Future High Street Report

The Future Spaces Foundation’s first report tackles the future of the high street. Town centres and high streets have traditionally played a central role in local communities and their changing function has been well-documented in the press, but the Foundation believes that a fresh approach is needed to meaningfully progress this on-going debate. Working with a leading economist The FSF has explored the real value of the high street from a social and an economic view point. Using existing research and economic modelling, in The Future High Street: Perspectives on living, learning and livelihoods in our communities, the FSF discusses likely future trends and works to develop creative solutions and recommendations to rejuvenate the UK’s high streets.

Panel

James Bellini

James Bellini

Futurologist

“The future of work is really about the future of place as increasingly we won’t go to an office every day. When we look at our local assets we’ve got things like pubs, church halls and cafes and they have the potential to be the work hubs of the future.”


Keith Clarke CBE

Built Environment Industry Expert

“There needs to be a connection between education, where you live and where you work; that’s how communities are built.”


Alan Davey

Chief Executive, The Arts Council England

“We’ve got more people living alone for various reasons and we’ve also got digital technologies connecting people. What we’ve found in the culture sector is that increased use of technology and availability of stuff digitally has not lessened the desire for convening, for actually seeing something and experiencing it with other people.”


Emeka Egbuonu

Community and Anti-gang Worker and Author

“For many young people, the high street is not just a place to go shopping, it’s a first job. It’s the place where they learn communication skills, how to interact with people, so if that disappears they don’t get that experience.”


Gavin Kelly

Chief Executive, Resolution Foundation

“It is a challenging time to be thinking creatively about the public sector. Sometimes it takes a crisis to think differently..., but the reality is that the public sector is only just getting used to how bad it is going to be.”


Stephen Lucas

Economist

“The high street can be a hub for activity; business, employment and new enterprises. This can contribute to the health and wellbeing of whole communities, and the creation of employment opportunities.”


Sean Gillies

Executive Director, Retail, Savills

“Most high streets are covered by the use classes order, which was brought in in the 1980s to stop proliferation of financial services, insurance companies and banks expanding into the high street. However, this planning framework doesn’t work for today’s high street.”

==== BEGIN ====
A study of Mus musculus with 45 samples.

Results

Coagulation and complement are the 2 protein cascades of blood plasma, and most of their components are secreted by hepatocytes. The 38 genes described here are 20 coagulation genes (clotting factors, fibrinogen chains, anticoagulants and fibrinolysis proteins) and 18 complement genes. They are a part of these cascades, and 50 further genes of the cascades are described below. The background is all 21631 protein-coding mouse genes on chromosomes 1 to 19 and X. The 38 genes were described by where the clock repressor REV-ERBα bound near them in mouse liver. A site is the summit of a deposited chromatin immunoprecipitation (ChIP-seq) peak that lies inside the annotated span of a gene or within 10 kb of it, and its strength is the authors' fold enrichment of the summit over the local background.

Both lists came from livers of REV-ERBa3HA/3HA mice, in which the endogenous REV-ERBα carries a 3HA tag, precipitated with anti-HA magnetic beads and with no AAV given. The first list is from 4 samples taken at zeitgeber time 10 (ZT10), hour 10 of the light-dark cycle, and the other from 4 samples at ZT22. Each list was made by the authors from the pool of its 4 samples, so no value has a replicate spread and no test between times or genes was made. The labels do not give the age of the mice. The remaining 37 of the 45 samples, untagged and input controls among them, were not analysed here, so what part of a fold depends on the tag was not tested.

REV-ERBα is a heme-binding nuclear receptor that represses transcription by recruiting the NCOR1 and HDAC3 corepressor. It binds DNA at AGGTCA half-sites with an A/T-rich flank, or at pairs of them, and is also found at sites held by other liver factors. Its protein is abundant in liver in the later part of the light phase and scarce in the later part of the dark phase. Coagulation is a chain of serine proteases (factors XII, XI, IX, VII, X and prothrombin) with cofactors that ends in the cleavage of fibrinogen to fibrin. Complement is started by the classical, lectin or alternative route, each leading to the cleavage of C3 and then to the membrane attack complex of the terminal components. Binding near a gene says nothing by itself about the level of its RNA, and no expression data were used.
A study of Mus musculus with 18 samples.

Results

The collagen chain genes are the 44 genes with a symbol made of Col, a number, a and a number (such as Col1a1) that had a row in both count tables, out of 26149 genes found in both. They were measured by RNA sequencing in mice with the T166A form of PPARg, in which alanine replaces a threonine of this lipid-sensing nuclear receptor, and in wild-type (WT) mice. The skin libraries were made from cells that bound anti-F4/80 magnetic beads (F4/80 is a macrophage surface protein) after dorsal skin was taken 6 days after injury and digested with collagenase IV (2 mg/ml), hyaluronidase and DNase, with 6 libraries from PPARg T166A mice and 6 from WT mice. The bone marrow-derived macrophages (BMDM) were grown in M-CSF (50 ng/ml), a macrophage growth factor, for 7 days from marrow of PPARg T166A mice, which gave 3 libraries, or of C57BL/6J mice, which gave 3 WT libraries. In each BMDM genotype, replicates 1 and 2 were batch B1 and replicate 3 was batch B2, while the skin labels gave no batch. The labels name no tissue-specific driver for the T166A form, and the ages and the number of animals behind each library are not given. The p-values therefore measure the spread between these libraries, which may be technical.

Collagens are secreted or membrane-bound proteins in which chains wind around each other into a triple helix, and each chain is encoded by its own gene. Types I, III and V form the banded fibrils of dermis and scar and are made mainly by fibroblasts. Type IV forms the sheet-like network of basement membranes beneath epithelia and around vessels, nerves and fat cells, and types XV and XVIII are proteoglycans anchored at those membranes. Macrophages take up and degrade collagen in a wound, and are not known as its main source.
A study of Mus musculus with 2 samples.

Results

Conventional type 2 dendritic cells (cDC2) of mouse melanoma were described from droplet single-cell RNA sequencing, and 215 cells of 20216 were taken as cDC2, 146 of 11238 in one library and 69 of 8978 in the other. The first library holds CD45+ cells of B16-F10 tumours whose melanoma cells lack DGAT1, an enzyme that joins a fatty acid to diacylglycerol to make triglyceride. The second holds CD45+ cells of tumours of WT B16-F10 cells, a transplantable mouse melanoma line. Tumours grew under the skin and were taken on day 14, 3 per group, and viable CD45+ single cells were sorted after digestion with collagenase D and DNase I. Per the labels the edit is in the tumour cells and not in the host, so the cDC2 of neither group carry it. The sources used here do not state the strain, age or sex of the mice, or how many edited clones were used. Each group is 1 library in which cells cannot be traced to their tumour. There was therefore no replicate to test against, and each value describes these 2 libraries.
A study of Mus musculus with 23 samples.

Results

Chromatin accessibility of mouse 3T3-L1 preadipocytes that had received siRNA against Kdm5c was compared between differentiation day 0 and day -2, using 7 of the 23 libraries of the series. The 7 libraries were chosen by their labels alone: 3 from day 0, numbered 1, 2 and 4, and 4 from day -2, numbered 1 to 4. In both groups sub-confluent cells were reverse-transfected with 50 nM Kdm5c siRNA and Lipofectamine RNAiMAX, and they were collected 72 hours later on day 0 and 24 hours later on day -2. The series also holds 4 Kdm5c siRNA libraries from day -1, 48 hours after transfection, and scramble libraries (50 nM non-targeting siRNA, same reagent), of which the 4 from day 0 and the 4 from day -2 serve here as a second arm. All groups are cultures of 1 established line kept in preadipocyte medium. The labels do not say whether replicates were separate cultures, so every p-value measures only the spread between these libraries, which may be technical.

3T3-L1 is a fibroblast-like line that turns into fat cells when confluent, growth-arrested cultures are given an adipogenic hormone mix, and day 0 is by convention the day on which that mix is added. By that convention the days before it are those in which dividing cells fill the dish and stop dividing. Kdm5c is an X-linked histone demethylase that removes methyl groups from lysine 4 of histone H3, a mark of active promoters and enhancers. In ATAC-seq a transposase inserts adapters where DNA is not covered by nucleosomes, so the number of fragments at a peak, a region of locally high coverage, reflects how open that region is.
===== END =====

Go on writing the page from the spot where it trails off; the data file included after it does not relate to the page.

Dr Peter Jones

Professor of Transport and Sustainability, University College London

“The key thing about high streets is that the activities that are provided there depend very much on people getting there, so movement is crucial to high streets working.”


Annemarie Naylor

Director, Common Futures

“Often, top-down regeneration plans don’t consider the lack of skills mix in a particular area so deprived communities are limited to retail-led regeneration proposals from the private sector. We need to think about how we can change this.”


Dr Ken Shuttleworth

Founder, Make Architects, Panel Chairman

“Through our research we want to open a debate about how we can make cycling safe and accessible enough that, as in other cities around the world, it is seen as an efficient and practical way of getting around the city every day for everyone. Initiatives such as the Cycle Superhighways and the ‘Mini-Hollands’ planned for local boroughs are well-intentioned, but these are not enough to encourage everybody in London to see cycling as a genuinely viable commuting option. London’s roads should be open to everyone who wants to cycle, and in this crucial election year, we are calling on the mayoral candidates to put cycling policy at the heart of their manifestos.”


John Prevc

Partner, Make Architects

“In order to make sure we have a society which is better integrated and more cohesive, the high street has to survive.”


Andrew Stevenson

Senior Lecturer, Department of Psychology, Manchester Metropolitan University

“The shops that are going to survive are those that regard selling products as more than just an exchange and provide consumers with a multi-sensory experience.”


Paul Swinney

Senior Economist, Centre For Cities

“In order to help the high street we actually have to forget retail and focus on the primary drivers of economic activity which are jobs, leisure and residential and from that, opportunities will be created which retailers can then exploit.”


This report looks beyond short-term, primarily retail-based solutions to explore new, creative ways of reviving the UK high street.